4.5 out of 5 stars

A copy of this was provided free of charge from the publisher in return for an honest review.

Climate change is happening whether you like it or not, and various places are taking steps to reduce the amount of carbon dioxide that we are pumping into the atmosphere. There are various ways of doing this, cutting coal, making more efficient vehicles, insulating home and lots of other methods of reducing energy consumption overall. One of the target areas has been lighting, moving away from the old incandescent lamps, changing first to compact fluorescent lamps (CFL’s) and with the advent of cost-effective LED lamps even greater energy and carbon saving can be achieved, often to the tune of 90% less energy used.

A perfect solution you’d think, but things are never as straight forward as you think. To start with CFLs use mercury in the way that they create light, so whilst being more efficient, they are often the cause of mercury pollution in the water table as they are not properly recycled. They often took ages to warm up; the joke being, that you had to turn them on as yeo went to bed to make sure they were bright enough in morning… LED seems to solve a lot of the problems, instant turn on, now as bright as the original lamps and are super-efficient. They have their drawbacks though, they use rare earth elements in their construction, which are often sourced from countries with less than stable governments and even though they last much longer than incandescent, the quality of the light is not as good and the light output degrades over time too.

Light is fundamental to our very ecosystem on the earth. It determines all sorts of natural events, in animals, plants and sea life. The advent of artificial light has meant that we have pushed our natural rhythms to the very limit and the long term implications of doing this are still only poorly understood. Anna Levin has had a fraught relationship with these new lighting technologies. After it became harder to get hold of incandescent lamps she switched to the fluorescent types but found they made her ill. The advent of LED lamps on the market helped her a little, but as a lot are poorly made, then there was not much improvement. She would end up trying to avoid anywhere that relied on these artificially created light sources as the ban on incandescent and halogen kicked in.

She soon discovered that she was not alone either, there were lots of people who were suffering all sorts of illnesses and effects from these lamps. There are those that have stockpiled the older style lamps to use for the years ahead. Further investigation revealed that the regulations that manufacturers had to comply with were pushed through with very little consultation and at a greater rate than manufacturers could adapt to the changes. This meant that factories in the EU lost out on business to the far east and often the quality wasn’t what was needed.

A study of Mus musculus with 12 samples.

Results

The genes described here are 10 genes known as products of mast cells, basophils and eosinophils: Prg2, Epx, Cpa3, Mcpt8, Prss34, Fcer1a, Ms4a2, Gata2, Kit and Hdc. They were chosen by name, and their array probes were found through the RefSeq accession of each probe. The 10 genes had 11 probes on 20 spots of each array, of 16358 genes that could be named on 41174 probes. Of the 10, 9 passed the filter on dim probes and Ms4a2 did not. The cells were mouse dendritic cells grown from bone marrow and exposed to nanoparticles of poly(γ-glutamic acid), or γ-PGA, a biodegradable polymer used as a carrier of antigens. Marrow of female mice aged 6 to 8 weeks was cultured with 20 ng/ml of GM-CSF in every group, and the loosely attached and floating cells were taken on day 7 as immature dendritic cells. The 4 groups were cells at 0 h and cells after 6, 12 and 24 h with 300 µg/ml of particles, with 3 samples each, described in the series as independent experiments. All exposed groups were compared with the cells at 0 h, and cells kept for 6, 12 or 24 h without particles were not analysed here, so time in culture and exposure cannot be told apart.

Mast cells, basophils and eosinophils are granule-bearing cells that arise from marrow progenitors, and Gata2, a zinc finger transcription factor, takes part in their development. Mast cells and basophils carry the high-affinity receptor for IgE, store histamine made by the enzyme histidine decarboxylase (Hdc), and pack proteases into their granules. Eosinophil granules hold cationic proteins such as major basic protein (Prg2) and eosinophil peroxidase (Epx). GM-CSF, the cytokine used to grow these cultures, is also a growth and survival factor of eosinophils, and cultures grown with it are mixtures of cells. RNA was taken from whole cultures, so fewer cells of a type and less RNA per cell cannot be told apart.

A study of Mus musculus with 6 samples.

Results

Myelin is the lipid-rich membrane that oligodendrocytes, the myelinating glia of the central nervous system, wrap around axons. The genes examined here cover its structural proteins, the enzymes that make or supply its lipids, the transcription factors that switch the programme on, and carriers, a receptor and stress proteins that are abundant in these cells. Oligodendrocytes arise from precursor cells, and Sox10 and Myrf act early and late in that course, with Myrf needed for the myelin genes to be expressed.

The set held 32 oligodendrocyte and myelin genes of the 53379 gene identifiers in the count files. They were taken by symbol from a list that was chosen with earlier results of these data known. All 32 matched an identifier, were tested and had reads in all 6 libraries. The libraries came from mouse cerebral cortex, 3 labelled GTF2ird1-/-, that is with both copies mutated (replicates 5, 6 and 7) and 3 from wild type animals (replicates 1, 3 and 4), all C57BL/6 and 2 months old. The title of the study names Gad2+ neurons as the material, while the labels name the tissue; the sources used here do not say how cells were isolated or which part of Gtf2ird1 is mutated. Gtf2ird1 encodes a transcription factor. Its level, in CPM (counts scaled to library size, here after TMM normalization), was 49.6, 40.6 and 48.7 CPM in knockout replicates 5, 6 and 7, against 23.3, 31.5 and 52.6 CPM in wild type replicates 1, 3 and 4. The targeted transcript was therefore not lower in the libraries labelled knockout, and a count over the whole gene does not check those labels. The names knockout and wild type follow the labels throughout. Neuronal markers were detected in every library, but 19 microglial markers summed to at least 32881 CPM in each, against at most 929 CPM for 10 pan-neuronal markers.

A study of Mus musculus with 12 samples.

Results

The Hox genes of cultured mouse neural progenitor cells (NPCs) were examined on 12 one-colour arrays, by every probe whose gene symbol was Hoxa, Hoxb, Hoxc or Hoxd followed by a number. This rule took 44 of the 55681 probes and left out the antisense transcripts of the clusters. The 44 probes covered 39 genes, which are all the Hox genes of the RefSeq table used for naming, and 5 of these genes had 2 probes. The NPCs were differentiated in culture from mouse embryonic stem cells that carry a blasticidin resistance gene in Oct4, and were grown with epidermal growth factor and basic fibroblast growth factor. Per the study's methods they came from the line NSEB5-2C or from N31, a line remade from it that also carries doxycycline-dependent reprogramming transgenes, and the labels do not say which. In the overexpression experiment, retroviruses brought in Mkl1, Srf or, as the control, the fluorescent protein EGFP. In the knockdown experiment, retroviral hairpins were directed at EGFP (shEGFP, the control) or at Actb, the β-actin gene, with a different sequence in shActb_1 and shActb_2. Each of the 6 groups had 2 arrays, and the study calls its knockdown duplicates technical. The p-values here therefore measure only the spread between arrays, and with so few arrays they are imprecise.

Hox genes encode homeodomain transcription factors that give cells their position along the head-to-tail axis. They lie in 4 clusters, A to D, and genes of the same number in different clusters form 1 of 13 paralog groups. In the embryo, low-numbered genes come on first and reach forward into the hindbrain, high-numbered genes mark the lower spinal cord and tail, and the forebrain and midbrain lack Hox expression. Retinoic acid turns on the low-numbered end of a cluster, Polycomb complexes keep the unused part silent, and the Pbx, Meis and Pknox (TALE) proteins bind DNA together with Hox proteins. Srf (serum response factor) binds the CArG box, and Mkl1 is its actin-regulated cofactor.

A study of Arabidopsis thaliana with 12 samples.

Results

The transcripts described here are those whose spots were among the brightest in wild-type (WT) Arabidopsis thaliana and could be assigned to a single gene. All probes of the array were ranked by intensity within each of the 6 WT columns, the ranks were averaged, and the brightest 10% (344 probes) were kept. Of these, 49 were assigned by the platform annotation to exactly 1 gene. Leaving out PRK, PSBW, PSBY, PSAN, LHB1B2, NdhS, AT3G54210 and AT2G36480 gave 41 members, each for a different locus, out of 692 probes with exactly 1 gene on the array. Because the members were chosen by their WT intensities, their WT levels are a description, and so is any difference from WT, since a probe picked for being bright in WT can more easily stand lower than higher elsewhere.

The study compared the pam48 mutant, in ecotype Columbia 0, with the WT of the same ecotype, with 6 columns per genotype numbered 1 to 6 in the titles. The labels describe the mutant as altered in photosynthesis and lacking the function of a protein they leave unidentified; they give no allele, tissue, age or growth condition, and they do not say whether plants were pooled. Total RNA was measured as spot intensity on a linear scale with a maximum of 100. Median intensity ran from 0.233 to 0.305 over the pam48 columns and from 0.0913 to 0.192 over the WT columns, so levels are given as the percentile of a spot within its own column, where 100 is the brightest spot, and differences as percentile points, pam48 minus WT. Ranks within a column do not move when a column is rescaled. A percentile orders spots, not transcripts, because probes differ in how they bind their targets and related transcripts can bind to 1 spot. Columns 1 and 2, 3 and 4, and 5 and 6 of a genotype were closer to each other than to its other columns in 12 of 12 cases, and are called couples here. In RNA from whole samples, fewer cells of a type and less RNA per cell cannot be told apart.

There is a certain irony that since these regulations were passed and the ban on incandescent lamps enforced, domestic energy consumption has risen since. The overall saving effect is zero according to the UK Department for the Environment. For example, the heat dissipated by conventional incandescent lamps is reduced, the missing warmth is compensated for by the central heating system, negating savings in energy and carbon overall. When pressed the EU says that it hasn’t looked at the savings that the changes in lighting have brought so far and also stated that it was ‘still premature to draw conclusions’ when they were asked just how much carbon dioxide had been saved…

Part of the reason that I know so much of what she is talking about in here is that when I don’t have my head in a book, in the real world I have been a development engineer in the lighting industry for the past 15 years.  I have even had the pleasure (not…) of reading the new Single Lighting Regulation that was published in December 2019. I have designed and developed various LED products and seen some of the benefits that these new technologies can bring. All the lamps I have at home are LED, but I have chosen branded flicker-free lamps that have a warm colour temperature. Having said that, there are certain applications where LED lighting is not the most appropriate nor efficient method of illumination.

I thought that this was a really well-researched book as Levin is spot on with the technical details in here. It is well written and argued too; she is saying that the various bans on incandescent lamps that have rippled around the world have never taken into account the quality of the light that the replacements have offered when compared to the older lamps. Those replacements are not as easy to recycle as the old incandescent lamps either. Part of what she is saying is that consumers have never been offered a choice with any of these technologies, unlike with other electronic items in the home you can choose to use a more or less energy-efficient product that meets particular standards. None of this detracts from the urgent crises of climate change, but this subject needs to have an open and transparent discussion because it feels like it has been steamrollered through but the powers that be.